Five FF&E Trends That Your Hotel Must Know About

By Ray Chung Director of Design, The Johnson Studio at Cooper Carry | July 01, 2018

As guests become only more design savvy, hotel owners and operators need to stay on top of trends in order to stay competitive. Here are five furniture and lighting (FF&E) trends to know.

Whether you are designing a hotel from scratch or planning to give your property a light design refresh, it is useful to understand what the latest trends are. Knowing where public taste is now and how it is changing, especially as the guests become more design-aware, helps keep your hotel competitive and attractive. While the goal might not be to be "trendy" per se, keeping an eye on what guests are seeing and talking about can give your property the edge it needs to set itself apart in a crowded market.

Certain trends are perennial, reappearing every few years, while others are unique to the moment. Regardless of the staying power, from a hotelier's point of view, it is important to be able to see how these trends fit into the brand and market. What might be appropriate for a urban select service hotel might not work for a four-star resort. Moreover, some properties deliver on well-established guest expectations-things people have seen and liked before-while others deliver on exactly the opposite-surprise and unconventionality. A good interior designer will be able to achieve both in the proportion you need, through nuanced selection and careful editing. With an understanding of balance and color and an eye to the future, a designer will be able to integrate trends, build on your hotel's brand and create a unique experience for your guests.

FF&E (Furniture, Fixtures and Equipment, or loose furnishings and decorative lighting) is only one of many layers that go into the design of a space, but it is one worth paying attention to. Here are five current trends in FF&E:

1. Decorative Lighting with Character

Decorative lighting, as opposed to ambient lighting or house lighting, is the term used for fixtures whose look is as or more important than the light they produce, namely sconces, pendants and chandeliers. As the brightest and often the most eye-catching design element in the room, decorative lighting is taking center stage in many projects. Traditional, ornate chandeliers have been all but replaced with wildly inventive fabrications that take advantage of new LED technology, featuring designs that were previously impossible.  And among these new decorative lights, there is a trend to move away from catalog items and customize them to each project, tying them tightly to the theme and sometimes the brand.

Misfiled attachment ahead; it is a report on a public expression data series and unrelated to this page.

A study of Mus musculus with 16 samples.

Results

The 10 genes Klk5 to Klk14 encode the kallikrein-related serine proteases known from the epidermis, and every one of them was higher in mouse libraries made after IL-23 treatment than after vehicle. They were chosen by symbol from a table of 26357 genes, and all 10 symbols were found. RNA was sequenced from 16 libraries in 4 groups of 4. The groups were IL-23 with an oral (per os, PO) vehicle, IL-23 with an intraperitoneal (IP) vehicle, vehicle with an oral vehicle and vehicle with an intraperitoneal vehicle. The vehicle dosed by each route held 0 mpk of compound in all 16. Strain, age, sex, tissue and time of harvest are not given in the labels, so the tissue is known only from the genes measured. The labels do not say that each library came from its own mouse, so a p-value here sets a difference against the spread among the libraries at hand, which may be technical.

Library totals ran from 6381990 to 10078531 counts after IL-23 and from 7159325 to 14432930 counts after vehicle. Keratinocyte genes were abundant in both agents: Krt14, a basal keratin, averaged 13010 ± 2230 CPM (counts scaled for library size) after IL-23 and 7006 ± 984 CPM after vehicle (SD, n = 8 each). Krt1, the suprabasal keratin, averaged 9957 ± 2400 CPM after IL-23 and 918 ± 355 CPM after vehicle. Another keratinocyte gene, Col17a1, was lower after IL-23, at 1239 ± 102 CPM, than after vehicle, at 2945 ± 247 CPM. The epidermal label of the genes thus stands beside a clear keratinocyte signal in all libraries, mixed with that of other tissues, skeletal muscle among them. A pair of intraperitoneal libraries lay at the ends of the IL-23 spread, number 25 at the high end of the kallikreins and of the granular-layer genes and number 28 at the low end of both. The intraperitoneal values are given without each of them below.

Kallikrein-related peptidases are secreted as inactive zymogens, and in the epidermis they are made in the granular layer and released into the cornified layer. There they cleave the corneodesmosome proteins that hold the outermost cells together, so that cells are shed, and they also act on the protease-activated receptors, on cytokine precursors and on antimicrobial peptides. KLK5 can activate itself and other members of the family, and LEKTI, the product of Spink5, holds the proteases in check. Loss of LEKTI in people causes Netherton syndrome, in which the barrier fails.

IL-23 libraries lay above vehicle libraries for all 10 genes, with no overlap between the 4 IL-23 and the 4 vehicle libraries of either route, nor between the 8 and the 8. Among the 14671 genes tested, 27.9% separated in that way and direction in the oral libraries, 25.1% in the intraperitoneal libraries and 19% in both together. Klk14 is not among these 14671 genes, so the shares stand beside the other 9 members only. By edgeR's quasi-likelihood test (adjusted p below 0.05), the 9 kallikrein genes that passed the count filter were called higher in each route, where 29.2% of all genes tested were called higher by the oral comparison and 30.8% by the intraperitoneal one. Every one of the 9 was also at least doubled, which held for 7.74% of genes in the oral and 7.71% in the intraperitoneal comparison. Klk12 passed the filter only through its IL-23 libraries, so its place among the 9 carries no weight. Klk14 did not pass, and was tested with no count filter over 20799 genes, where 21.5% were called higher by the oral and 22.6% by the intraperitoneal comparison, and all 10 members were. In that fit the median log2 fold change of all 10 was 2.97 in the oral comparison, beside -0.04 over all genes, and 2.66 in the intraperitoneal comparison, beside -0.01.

The Bar at Oak Steakhouse, Nashville
Custom acorn pendant lights at Oak Steakhouse, Nashville
Custom leather chairs at Oak Steakhouse, Nashville
Oak Steakhouse, Nashville
The Live Oak Bar, Fearing's Restaurant at The Ritz-Carlton, Dallas
Chandelier at Del Frisco's Double Eagle, Dallas
Atlas Restaurant at The St. Regis, Atlanta
/ SLIDES
Choose a Social Network!

The social network you are looking for is not available.

Close

Hotel Newswire Headlines Feed  

Coming up in April 2019...

Guest Service: A Culture of YES

In a recent global consumers report, 97% of the participants said that customer service is a major factor in their loyalty to a brand, and 76% said they view customer service as the true test of how much a company values them. And since there is no industry more reliant on customer satisfaction than the hotel industry, managers must be unrelenting in their determination to hire, train and empower the very best people, and to create a culture of exceptional customer service within their organization. Of course, this begins with hiring the right people. There are people who are naturally service-oriented; people who are warm, empathetic, enthusiastic, pleasant, thoughtful and optimistic; people who take pride in their ability to solve problems for the hotel guests they are serving. Then, those same employees must be empowered to solve problems using their own judgment, without having to track down a manager to do it. This is how seamless problem solving and conflict resolution are achieved in guest service. This willingness to empower employees is part of creating a Culture of Yes within an organization.  The goal is to create an environment in which everyone is striving to say “Yes”, rather than figuring out ways to say, “No”. It is essential that this attitude be instilled in all frontline, customer-facing, employees. Finally, in order to ensure that the hotel can generate a consistent level of performance across a wide variety of situations, management must also put in place well-defined systems and standards, and then educate their employees about them. Every employee must be aware of and responsible for every standard that applies in their department. The April issue of the Hotel Business Review will document what some leading hotels are doing to cultivate and manage guest satisfaction in their operations.